On June 28, 1993, the residents of Westbury, a small suburban town in Long Island, New York, were shocked over the arrest of thirty-four year-old local Joel Rifkin. A decomposing body had been found in the back of his white Mazda truck, after he led the police on a full speed chase when failing to stop for a missing rear license plate. He crashed into a telephone pole at 3:36 a.m., and this is when officers discovered a horrible smell. Upon investigating, they uncovered the remains of a New York prostitute named Tiffany Bresciani, a twenty-two year-old from New Orleans. Rifkin, with Noxzema smeared underneath his nose to mask the smell of the rotting body said to the arresting officers, “Do you think I need a lawyer?”
Rifkin shared a home with his mother and sister on a quiet residential street in close proximity to the video store where I worked at the time. There were a row of stores, with a nail salon, doctor’s office and pizza parlor all in one strip, the video store being tucked away in a corner. I managed the store, and was often alone by myself with no problems, except for the occasional obnoxious customer, screaming about late fees and rowdy teenagers.
Rifkin had been in the store more than once, and was easy to remember, because he always wore the same white overalls, and often ate his slice of pizza from the pizza parlor while browsing the video boxes. Rifkin had a strange way about him, one could tell he was anti-social just by how he avoided coming to the counter, but would look over, peering strangely at whoever was working at the time.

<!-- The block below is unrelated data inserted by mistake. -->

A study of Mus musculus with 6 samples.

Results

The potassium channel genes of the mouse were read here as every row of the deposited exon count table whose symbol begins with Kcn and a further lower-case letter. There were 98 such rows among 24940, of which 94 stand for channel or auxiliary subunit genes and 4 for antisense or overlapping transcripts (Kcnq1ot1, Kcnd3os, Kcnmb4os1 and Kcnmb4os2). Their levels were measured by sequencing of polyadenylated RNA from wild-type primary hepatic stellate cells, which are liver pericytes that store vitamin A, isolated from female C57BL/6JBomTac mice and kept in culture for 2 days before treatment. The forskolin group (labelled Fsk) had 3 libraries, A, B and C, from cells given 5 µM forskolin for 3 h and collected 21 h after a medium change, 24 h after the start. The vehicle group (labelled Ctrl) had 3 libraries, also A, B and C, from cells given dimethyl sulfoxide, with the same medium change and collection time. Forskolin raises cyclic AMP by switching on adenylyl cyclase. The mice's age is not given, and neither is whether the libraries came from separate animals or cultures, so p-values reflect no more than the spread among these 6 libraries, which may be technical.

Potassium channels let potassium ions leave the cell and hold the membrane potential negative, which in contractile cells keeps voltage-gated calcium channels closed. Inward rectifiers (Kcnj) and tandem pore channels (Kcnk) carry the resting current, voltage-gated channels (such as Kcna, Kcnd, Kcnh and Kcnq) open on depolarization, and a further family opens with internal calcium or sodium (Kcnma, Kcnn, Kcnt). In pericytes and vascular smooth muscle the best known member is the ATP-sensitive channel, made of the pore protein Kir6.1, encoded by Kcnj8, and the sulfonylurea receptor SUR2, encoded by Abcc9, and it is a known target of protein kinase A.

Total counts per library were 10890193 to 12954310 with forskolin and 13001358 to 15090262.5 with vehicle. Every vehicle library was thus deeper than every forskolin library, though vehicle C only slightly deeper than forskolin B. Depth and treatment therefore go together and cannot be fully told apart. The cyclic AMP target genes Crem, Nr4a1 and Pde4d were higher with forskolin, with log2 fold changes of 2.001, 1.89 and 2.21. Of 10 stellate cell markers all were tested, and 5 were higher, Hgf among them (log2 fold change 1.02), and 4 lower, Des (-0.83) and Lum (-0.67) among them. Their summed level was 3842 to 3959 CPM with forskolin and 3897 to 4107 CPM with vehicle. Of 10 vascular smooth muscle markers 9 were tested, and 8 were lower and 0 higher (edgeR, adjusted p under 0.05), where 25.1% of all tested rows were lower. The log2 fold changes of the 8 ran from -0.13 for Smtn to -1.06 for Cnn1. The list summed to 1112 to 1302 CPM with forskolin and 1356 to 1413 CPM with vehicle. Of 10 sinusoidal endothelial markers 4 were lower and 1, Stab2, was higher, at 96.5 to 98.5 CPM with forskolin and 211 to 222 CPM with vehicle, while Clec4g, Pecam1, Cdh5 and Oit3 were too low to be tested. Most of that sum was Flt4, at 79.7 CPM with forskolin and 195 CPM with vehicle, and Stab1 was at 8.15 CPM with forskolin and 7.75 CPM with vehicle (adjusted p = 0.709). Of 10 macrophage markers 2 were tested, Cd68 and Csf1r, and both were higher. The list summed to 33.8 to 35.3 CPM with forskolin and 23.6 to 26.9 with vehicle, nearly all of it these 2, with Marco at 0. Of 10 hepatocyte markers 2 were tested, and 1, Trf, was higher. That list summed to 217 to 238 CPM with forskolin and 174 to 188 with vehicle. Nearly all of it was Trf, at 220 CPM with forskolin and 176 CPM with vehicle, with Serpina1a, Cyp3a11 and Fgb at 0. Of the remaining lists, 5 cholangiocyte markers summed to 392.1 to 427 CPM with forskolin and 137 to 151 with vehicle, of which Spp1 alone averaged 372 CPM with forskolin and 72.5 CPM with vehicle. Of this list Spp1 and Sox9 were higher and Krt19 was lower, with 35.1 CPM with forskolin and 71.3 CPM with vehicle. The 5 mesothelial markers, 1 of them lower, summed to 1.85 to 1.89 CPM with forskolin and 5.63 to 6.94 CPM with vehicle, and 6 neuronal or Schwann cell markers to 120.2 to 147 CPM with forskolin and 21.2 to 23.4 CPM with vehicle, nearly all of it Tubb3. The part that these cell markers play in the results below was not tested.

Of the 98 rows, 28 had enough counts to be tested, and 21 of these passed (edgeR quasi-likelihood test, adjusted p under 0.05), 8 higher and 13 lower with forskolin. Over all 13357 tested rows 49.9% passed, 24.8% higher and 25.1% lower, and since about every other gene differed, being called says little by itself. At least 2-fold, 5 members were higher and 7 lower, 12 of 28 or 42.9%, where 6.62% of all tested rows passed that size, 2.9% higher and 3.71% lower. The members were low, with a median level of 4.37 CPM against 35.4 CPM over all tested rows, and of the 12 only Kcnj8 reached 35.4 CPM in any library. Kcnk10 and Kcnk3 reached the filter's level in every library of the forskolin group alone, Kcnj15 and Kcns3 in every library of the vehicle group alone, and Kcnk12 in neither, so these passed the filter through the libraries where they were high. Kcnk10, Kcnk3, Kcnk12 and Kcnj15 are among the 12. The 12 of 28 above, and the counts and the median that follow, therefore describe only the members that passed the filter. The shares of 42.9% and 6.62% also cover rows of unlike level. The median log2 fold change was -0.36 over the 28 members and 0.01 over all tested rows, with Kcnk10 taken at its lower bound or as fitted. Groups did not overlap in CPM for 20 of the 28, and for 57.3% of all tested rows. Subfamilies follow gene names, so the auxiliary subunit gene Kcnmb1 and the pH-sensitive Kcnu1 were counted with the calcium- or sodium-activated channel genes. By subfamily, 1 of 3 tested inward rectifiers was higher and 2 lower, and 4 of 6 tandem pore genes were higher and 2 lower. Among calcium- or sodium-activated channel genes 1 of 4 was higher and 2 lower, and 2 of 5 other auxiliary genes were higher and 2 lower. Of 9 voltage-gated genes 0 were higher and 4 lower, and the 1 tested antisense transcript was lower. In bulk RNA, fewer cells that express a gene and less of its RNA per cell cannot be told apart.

He had been in the store when I was there four or five times, pizza always in hand, white overalls on, which made one think he was a handy man of sorts, not that unusual, considering he did in fact own his own landscaping business. There was something unusual about Rifkin though. Call it female intuition or a premonition, but one day when he came in and looked at me, the hairs on the back of my neck stood up, and I knew something was seriously wrong. The way he was staring made me feel like a target, and somehow instinctively I knew I had to humanize myself in his eyes, so I said loudly, “Mom, do you need any help back there?” My mother had stopped in on occasion to keep me company, and was in the back part of the store at the time. He turned around and walked out.
It wasn’t too long after this that Rifkin’s face was all over the news, for killing seventeen prostitutes. Customers that came into the video store were stunned that a member of their community had committed these horrendous acts. A pal of mine who worked at the pizza parlor was amazed. He remembered Rifkin coming in to get his slice of pizza and how mild-mannered in appearance Rifkin seemed.
Then I remembered the smell. Rifkin’s white truck was often parked in the parking lot, and I remembered walking past the truck one day, and smelling the most horrendous odor. I thought it was a skunk, and that someone had been too lazy to wash their truck (not knowing it was Rifkin’s). I never would have thought in a million years that what I was actually smelling was the rotting body of an unfortunate victim.
Around the time of the beginning of his incarceration, Rifkin was interviewed on camera in jail, and he said that once he made up his mind to kill a woman that was it. “There was no going back.” I often wondered if by humanizing myself in his presence caused him to snap out of any ideas he may have had about striking close to home. If anything, this is a lesson learned to always trust one’s intuition in regard to other people. No matter how silly it may seem, intuition is something that should be used as a defense mechanism, and never ignored.